Over the last couple of decades, federal law requiring mandatory deportations for noncitizens who commit certain crimes has grown more expansive — and the result is that U.S. military veterans and legal immigrants here since childhood have been ousted and sent birth countries they don’t remember, including Korea and Cambodia.
On Tuesday, though, the U.S. Supreme Court ruled invalidated a narrow but key piece of the Immigration and Nationality Act as “unconstitutionally vague.” The decision contributes to growing debate over allegations of due-process violations at a time when the Trump Administration is vowing to search out and aggressively deport “criminal aliens.”
The 5-4 Supreme Court decision stems from a lawsuit filed by James Dimaya of California, who was brought to the United States in 1992 from the Philippines as a lawful permanent resident. He was 13 years old. In 2007 and 2009, still a green card holder, he pleaded no contest twice to residential burglary. Federal officials moved to deport him in 2010 as an “aggravated” felon whose burglary convictions were “crimes of violence” because, “by their nature,” they raised a “substantial risk” that violence could have been committed in the course of the crime.
This “substantial risk” provision is part of a long litany of aggregated felony definitions, some nonviolent, that require deportation under federal law. Murder, rape and a range of other violent acts are separate from the “substantial risk” provision that the court invalidated, said Rose Cahn, an attorney with the Immigrant Legal Resource Center in San Francisco.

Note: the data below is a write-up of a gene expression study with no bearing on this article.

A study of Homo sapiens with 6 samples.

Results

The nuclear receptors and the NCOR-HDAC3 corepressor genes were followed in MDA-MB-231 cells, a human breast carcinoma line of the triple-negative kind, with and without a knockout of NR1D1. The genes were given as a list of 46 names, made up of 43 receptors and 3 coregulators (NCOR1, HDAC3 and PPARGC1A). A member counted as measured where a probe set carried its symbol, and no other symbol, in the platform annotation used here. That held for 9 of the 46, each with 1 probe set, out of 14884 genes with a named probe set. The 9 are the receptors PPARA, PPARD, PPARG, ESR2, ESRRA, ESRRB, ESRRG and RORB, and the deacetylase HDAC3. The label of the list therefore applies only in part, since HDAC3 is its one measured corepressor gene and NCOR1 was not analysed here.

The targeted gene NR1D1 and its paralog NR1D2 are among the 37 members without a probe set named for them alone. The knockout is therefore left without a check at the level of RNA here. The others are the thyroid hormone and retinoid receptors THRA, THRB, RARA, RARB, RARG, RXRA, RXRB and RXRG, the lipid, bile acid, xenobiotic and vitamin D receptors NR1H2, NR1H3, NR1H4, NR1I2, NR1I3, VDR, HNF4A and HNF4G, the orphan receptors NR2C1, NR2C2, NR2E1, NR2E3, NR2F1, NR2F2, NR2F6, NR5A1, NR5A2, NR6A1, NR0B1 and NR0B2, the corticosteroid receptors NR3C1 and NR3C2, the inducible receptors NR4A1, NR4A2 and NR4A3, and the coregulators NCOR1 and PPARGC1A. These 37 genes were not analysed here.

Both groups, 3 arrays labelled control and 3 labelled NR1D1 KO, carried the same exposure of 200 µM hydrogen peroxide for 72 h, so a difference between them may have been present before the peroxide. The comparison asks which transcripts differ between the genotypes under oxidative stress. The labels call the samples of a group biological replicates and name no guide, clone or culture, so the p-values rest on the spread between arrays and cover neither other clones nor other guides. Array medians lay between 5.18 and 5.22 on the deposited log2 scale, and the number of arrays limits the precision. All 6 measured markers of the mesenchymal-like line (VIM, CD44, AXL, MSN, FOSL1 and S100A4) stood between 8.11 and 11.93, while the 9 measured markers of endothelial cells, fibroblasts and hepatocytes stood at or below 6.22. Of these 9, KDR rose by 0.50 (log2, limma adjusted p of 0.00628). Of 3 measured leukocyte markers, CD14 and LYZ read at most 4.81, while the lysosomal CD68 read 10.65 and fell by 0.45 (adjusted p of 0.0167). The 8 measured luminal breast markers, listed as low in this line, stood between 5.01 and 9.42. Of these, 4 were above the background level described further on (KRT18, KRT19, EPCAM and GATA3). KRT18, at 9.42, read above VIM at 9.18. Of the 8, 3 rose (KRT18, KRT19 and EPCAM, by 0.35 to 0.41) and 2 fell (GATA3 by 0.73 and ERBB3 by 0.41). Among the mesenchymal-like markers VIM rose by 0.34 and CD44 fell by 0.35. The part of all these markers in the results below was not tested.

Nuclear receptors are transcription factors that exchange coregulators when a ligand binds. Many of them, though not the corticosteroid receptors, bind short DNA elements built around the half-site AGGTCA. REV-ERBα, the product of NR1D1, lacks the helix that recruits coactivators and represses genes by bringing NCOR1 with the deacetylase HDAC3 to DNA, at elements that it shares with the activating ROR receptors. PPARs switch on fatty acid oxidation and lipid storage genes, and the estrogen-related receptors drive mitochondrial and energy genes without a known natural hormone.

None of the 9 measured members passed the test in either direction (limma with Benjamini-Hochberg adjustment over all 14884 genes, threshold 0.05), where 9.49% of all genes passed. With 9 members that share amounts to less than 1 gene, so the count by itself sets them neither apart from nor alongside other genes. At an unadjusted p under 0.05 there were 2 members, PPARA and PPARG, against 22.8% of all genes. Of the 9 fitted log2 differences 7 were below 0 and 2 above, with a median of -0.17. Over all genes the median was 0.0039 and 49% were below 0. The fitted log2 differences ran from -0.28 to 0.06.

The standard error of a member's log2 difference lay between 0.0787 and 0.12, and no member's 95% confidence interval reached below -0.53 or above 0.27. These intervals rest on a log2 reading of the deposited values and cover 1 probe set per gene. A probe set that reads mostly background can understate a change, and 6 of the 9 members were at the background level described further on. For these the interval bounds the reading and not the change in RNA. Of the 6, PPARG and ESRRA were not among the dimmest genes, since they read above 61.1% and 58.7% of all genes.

An immigration judge—whose discretionary power is limited—and subsequently, the Board of Immigration Appeals turned down Dimaya’s appeal. But the 9th Circuit Court of Appeals —followed by the U.S. Supreme Court — agreed with Dimaya that the “substantial risk” provision was vague and violated due process. To the surprise of some, Justice Neil M. Gorsuch, who was appointed by President Donald Trump, joined with more liberal justices in the majority.
As Kevin Johnson, an immigration law professor at the University of California at Davis explains, the court referred to its ruling in 2015 that a federal crime act’s “similarly worded definition of ‘violent felony’ was so vague as to violate the due process clause.”
The vague nature of language declaring that a crime “by nature” could be a crime of violence leaves courts guessing about the relevant threshold, the majority found. “Does a car burglary qualify as a violent felony?” Justice Elena Kagan wrote. “Some courts say yes, others say no.”
“How about evading arrest?” she also asked. Gorsuch wrote in a concurring opinion that the provision leaves “people to guess about what the law demands—and leaves judges to make it up.”
Upset with the decision, a White House press release urged Congress to close “loopholes” or the government “will be unable to remove from our communities many noncitizens convicted of violent felonies” that can include “domestic assault and battery, burglary and child abuse.”
But Cahn said that officials do have a long list of offenses that under the law definitively constitute crimes of violence or other deportable offenses that can continue to be invoked to deport convicted felons.
She said this latest ruling could mean that some legal immigrants currently facing deportation due to the “substantial risk” provision could now argue that they should not be subject to mandatory deportation. They could ask judges, she said, to consider what’s called “discretionary relief” from deportation based on how long they’ve been here, their history and the impact that permanent deportation could have on a family and other circumstances.
This latest ruling, Cahn said, “reinforces that due process still matters. We cannot make people suffer lifelong immigration consequences for something that is not clearly defined under law.”